Athens (Piraeus), Greece

The sun shone for our day in Athens, the highlight of which was a visit to the New Acropolis Museum, opened seven years ago with the hope it would eventually become the rightful home of marble sculptures from the Parthenon removed during the early 1800s by the British ambassador to the Ottoman Empire. Since then they have been held, some say illegally, by the British Museum.

The sculptures have yet to be repatriated but in the meantime one can view more than 4,000 other sculptures, as well as tools, pottery and other objects dating from the 5th century BC. One can also enjoy a good view of the Acropolis itself, from the top floor of the museum. (That’s what Zelda is looking at in the picture above.)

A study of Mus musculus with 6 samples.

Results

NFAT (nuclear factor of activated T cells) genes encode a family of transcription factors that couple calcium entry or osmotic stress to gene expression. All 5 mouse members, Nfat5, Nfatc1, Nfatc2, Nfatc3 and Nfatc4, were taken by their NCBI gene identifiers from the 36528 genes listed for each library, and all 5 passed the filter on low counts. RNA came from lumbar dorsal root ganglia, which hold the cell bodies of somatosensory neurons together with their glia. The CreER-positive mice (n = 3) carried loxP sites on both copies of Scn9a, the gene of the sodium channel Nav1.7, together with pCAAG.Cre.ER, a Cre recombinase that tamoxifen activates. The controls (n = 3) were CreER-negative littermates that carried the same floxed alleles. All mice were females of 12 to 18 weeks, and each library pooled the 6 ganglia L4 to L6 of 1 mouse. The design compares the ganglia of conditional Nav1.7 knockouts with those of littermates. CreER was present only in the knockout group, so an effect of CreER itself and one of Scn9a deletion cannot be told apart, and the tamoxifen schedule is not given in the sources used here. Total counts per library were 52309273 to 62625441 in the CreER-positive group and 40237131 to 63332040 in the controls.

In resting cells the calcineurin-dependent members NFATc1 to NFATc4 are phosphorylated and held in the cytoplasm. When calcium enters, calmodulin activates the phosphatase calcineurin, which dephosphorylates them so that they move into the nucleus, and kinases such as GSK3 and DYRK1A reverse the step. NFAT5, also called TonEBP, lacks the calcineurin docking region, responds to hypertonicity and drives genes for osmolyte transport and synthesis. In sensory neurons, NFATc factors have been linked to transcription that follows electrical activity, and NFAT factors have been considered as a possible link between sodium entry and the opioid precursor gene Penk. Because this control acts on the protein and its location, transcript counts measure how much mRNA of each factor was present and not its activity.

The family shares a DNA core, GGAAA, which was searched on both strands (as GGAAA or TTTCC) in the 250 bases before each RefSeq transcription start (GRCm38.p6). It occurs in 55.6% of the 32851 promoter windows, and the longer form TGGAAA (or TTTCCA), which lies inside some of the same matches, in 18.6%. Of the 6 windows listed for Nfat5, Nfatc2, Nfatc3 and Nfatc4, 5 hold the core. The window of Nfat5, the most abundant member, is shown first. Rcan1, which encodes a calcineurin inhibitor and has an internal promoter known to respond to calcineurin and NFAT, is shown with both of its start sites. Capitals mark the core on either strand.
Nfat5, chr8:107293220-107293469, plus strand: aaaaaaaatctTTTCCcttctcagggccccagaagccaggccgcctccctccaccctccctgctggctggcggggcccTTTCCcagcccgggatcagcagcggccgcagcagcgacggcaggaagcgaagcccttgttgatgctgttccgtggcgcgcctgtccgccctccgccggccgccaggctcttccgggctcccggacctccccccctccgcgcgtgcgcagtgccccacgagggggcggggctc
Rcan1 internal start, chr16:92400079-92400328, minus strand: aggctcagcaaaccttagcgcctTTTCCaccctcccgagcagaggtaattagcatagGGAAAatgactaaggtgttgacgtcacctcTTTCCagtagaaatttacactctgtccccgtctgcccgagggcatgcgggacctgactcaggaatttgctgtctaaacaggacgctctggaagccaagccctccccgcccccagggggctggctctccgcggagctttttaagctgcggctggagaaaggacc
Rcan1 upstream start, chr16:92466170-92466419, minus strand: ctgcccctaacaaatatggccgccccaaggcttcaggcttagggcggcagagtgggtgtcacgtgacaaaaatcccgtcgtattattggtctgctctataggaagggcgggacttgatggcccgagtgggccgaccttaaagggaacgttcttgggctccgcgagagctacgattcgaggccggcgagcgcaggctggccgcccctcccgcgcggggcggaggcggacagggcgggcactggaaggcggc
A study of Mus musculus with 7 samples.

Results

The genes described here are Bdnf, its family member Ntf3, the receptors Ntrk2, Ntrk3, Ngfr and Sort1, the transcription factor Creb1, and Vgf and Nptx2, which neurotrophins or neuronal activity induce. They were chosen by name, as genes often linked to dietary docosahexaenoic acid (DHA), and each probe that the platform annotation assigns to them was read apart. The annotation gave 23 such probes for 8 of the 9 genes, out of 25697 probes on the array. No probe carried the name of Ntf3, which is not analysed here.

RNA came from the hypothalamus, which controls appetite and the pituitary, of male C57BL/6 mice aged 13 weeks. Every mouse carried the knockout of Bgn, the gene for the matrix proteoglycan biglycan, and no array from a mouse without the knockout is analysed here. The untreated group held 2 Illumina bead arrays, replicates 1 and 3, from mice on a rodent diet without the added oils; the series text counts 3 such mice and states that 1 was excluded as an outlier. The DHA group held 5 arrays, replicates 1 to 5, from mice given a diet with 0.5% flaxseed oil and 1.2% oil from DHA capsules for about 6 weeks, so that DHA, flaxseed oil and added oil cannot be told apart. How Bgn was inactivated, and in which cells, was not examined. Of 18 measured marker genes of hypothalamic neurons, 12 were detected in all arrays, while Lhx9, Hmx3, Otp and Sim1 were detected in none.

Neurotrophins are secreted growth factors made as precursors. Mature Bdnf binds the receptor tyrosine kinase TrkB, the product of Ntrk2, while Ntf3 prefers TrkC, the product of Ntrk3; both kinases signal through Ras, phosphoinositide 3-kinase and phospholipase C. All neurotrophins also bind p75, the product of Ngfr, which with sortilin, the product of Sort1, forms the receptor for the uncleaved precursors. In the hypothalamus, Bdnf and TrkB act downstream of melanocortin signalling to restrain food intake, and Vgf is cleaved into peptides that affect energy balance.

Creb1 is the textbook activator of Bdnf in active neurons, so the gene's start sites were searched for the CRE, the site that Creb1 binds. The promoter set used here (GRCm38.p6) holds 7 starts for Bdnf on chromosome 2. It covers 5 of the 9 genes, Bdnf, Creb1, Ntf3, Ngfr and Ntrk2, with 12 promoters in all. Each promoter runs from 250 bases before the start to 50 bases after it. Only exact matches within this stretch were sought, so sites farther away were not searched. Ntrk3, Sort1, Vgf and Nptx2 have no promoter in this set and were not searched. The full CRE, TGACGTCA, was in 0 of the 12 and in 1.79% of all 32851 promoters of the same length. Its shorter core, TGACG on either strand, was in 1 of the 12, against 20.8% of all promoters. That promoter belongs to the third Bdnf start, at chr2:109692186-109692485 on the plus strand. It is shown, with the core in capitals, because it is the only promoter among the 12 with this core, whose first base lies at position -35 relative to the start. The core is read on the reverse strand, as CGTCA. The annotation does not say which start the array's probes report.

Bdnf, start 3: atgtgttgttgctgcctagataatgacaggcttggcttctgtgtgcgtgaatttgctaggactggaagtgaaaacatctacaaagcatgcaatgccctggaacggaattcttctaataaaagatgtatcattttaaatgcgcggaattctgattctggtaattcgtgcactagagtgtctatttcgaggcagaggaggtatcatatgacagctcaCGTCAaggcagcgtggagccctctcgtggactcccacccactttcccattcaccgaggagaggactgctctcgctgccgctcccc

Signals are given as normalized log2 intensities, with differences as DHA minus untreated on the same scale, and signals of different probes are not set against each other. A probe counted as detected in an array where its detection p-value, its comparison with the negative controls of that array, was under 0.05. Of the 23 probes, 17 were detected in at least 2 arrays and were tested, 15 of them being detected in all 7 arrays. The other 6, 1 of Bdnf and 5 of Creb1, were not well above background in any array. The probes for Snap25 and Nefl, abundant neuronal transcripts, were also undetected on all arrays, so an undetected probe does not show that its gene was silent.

One can see why the British ambassador, Lord Elgin, wanted to “rescue” some of the Parthenon marbles, as the sculptures are called,  from the Acropolis ruins. They are spectacular.


High on the hill is what remains of the Acropolis

The Athens traffic was more gridlocked than usual because of a wildcat strike by Metro workers and a shutdown of certain streets due to a scheduled schoolchildren’s parade. But we still managed to see the stadium built in 1896 for the first modern Olympic Games. (It was also used during the 2004 Olympics, but only for the non-televised archery competitions, which our guide said were of no absolutely interest to the Greeks). We also got to visit the Plaka shopping and dining district where we enjoyed a fine lunch of traditional Greek cuisine.